Hong Kong protests: Demonstrators rebuild barricades after police and masked men attempt to rip them down

Construction work came shortly after the city’s leader said the occupation would not 'continue in the long term'


The construction work came shortly after the city's leader said the occupation of its political and financial hub – as well as other major shopping districts – wouldn't “continue in the long term.”

The protests, now into their third week, are against a restrictive system through which China wants the region to elect its leader in 2017, and what protesters say was a heavy-handed police response to initial, much smaller, protests on the same issue.

Early yesterday afternoon a group of men, who protesters accuse of being hired thugs with triad connections, used a crane truck to clear makeshift barricades and fought with occupiers. Up to 100 police officers were also on the scene, on the arterial road of Queensway, one block south of the main protest site of Harcourt Road.

Police said they arrested three men, aged 18 to 47, after the fracas on suspicion of assault and carrying weapons, but didn't say which side the men were on.

Occupy Central, the group which sparked but no longer claims leadership of the civil disobedience movement, denounced the police tactics and stated: “We urge the police to enforce the law and prevent certain people from damaging the peaceful occupy movement, and avoid any suspicion that the government may be trying to use the masses to attack the masses.”

The move, on the pretext of retrieving government property, was ostensibly intended to lessen the site's defences. But it only sparked a flurry of construction work, with barricades strengthened and widened beyond recognition.

Bags of cement were brought in on lorries and a construction company donated supplies of bamboo - so strong Hong Kongers still use it instead of steel scaffolding on their homes.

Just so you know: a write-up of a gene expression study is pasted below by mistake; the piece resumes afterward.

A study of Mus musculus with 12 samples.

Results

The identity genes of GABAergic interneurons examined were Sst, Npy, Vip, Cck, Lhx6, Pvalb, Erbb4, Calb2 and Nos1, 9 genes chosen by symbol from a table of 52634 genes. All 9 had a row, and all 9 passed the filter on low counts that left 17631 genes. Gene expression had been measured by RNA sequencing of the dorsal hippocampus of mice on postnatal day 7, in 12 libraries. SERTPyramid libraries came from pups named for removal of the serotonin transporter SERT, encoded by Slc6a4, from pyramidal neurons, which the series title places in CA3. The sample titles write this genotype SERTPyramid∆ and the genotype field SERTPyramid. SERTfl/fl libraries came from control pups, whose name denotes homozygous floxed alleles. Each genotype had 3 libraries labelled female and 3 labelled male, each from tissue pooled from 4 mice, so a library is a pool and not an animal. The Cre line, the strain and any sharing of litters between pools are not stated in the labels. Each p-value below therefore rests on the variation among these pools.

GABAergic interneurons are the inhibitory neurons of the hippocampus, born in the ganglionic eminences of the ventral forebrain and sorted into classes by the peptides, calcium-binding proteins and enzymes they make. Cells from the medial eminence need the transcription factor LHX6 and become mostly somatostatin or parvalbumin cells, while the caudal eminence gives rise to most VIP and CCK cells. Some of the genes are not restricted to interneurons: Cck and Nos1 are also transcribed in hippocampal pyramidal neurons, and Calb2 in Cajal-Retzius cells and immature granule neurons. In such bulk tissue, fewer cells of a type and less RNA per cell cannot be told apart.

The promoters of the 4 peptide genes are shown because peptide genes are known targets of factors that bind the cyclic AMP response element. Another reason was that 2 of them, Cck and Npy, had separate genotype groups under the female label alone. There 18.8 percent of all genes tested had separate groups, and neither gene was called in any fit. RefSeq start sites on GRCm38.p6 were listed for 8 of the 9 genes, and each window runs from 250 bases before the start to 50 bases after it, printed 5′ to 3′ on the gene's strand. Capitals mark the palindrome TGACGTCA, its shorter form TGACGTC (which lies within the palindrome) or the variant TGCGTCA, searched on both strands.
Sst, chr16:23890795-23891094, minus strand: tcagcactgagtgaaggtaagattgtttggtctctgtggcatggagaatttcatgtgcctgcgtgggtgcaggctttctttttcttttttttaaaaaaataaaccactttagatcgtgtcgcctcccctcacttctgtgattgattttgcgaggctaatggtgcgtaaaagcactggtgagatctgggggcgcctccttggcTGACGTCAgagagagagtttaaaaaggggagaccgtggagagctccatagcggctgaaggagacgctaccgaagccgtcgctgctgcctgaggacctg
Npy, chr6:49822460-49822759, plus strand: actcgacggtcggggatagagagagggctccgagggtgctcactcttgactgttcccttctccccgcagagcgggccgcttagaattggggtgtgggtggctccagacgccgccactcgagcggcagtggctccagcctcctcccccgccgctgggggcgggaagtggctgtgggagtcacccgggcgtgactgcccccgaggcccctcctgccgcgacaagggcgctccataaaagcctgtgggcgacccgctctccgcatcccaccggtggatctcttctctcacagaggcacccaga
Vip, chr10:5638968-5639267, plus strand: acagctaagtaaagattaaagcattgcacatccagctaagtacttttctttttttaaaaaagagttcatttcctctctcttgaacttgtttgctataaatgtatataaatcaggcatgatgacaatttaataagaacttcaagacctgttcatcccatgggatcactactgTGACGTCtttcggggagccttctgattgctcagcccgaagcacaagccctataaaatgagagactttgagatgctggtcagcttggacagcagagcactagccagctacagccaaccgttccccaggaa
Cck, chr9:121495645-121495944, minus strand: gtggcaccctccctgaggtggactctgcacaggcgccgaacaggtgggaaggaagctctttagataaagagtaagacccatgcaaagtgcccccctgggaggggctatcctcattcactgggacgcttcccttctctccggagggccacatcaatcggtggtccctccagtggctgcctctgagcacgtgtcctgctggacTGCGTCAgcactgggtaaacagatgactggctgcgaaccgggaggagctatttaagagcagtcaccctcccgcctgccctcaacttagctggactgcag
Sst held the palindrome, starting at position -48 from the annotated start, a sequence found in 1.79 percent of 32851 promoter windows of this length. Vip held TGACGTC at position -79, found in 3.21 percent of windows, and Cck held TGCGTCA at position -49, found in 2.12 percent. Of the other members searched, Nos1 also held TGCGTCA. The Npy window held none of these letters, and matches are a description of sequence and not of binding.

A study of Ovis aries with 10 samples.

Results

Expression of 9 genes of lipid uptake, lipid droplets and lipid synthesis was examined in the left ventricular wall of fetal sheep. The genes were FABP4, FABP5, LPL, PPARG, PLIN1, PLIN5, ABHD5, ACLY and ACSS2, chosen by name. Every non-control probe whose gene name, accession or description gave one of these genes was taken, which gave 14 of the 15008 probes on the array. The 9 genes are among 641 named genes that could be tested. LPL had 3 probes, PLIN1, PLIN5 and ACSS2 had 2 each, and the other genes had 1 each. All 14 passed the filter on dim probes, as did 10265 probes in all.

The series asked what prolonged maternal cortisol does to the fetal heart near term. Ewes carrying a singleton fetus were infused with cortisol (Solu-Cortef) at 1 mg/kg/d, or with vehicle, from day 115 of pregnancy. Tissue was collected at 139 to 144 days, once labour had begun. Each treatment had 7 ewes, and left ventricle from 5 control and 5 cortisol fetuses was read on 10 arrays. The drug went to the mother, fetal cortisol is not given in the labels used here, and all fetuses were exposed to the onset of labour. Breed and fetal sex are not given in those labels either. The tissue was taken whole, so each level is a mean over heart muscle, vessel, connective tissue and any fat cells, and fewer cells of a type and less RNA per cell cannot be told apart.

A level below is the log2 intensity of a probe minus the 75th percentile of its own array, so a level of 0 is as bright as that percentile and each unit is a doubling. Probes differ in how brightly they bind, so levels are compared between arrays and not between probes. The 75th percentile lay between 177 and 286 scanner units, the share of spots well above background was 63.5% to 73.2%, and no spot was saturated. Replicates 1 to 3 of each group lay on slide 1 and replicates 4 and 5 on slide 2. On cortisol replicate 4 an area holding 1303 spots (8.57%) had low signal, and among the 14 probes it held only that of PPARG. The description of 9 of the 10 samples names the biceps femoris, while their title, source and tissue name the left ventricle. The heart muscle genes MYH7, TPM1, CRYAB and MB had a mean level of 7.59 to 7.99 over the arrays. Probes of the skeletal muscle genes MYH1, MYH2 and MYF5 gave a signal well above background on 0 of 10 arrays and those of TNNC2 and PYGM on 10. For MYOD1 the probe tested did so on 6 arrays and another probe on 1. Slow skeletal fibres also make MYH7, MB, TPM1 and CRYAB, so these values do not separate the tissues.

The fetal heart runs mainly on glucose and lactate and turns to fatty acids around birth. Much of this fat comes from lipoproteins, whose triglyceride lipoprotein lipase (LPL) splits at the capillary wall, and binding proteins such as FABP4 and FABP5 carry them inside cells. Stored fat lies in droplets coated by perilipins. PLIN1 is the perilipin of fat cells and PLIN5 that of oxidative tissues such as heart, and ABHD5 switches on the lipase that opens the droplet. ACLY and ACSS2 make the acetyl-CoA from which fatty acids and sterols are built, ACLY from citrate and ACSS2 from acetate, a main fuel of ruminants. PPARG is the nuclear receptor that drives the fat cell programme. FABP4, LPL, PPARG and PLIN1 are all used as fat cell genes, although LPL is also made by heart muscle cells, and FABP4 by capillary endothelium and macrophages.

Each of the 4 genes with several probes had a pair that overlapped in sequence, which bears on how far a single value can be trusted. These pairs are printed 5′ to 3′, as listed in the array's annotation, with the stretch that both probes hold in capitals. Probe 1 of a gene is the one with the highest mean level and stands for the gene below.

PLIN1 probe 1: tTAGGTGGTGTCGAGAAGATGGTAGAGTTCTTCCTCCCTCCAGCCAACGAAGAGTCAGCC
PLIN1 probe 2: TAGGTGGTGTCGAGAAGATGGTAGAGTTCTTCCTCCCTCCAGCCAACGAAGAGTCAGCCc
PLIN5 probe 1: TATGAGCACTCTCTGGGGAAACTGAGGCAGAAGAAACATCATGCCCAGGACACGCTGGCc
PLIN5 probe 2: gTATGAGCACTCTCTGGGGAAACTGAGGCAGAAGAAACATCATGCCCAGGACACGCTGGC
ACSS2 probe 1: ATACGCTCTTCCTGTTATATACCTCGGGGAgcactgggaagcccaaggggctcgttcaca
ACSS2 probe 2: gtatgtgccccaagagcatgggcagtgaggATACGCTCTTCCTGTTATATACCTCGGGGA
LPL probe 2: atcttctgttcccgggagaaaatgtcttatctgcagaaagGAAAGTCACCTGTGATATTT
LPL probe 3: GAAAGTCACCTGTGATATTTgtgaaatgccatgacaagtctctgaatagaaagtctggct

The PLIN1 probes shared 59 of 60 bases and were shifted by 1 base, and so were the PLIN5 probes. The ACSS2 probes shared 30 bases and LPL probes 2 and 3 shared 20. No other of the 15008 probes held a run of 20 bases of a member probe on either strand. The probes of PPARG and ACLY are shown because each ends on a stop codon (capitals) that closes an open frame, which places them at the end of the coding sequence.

Wearing face masks to protect from potential teargas attacks, volunteers threw into their new structures everything that wasn't nailed down. Office chairs, bus stop signs and traffic cones were piled into structures which spanned the width of the main roads and were at some points at some points 15ft wide.

One of those volunteers was Ken Lau, a 25-year-old computer programmer who was using cling film to shore up joins in the bamboo lattice. He told The Independent the new structure was a “necessary protection” against “gangsters.” He added that: “If the government is willing to listen to the students, the protesters might be willing to leave on their own,” but said he saw no sign of that.

And 26-year-old Summer Wong, who was working on the structure at the other end of occupied Queensway, said: “I think the government is really stupid because sometimes they just think if they do something to scare people we will go, and no longer stay here. But actually, it's been 16 days. The government used teargas. Some people are paid to beat people, and we just aren't afraid,” before adding: “Actually, we are afraid, but we won't go home.”

The new fortifications came on a night that student leaders addressed a large and rapt crowd in the main protest area. Numbers  have dwindled somewhat since highs of over 10,000, but at least 3,000 people listened as Lester Shum, Joshua Wong, and other leaders gave defiant and at times jovial speeches, with the crowd singing Happy Birthday to Wong, who turned 18 yesterday.

The protests, which have blocked roads in many important parts of Hong Kong, are against an election plan for 2017 under which a committee composed mainly of Beijing loyalists will have to approve candidates before citizens are allowed to vote for their next chief executive, the equivalent of a city mayor.

Demonstrators have also poured scorn on, and called for the resignation of the incumbent, Leung Chun-ying.

Speaking to reporters in southern China yesterday, Leung dodged a question about when officers will move in to clear the protests, saying only: “We cannot let this situation continue in the long term.”

He added: “I will not resign, and I don't have to resign.”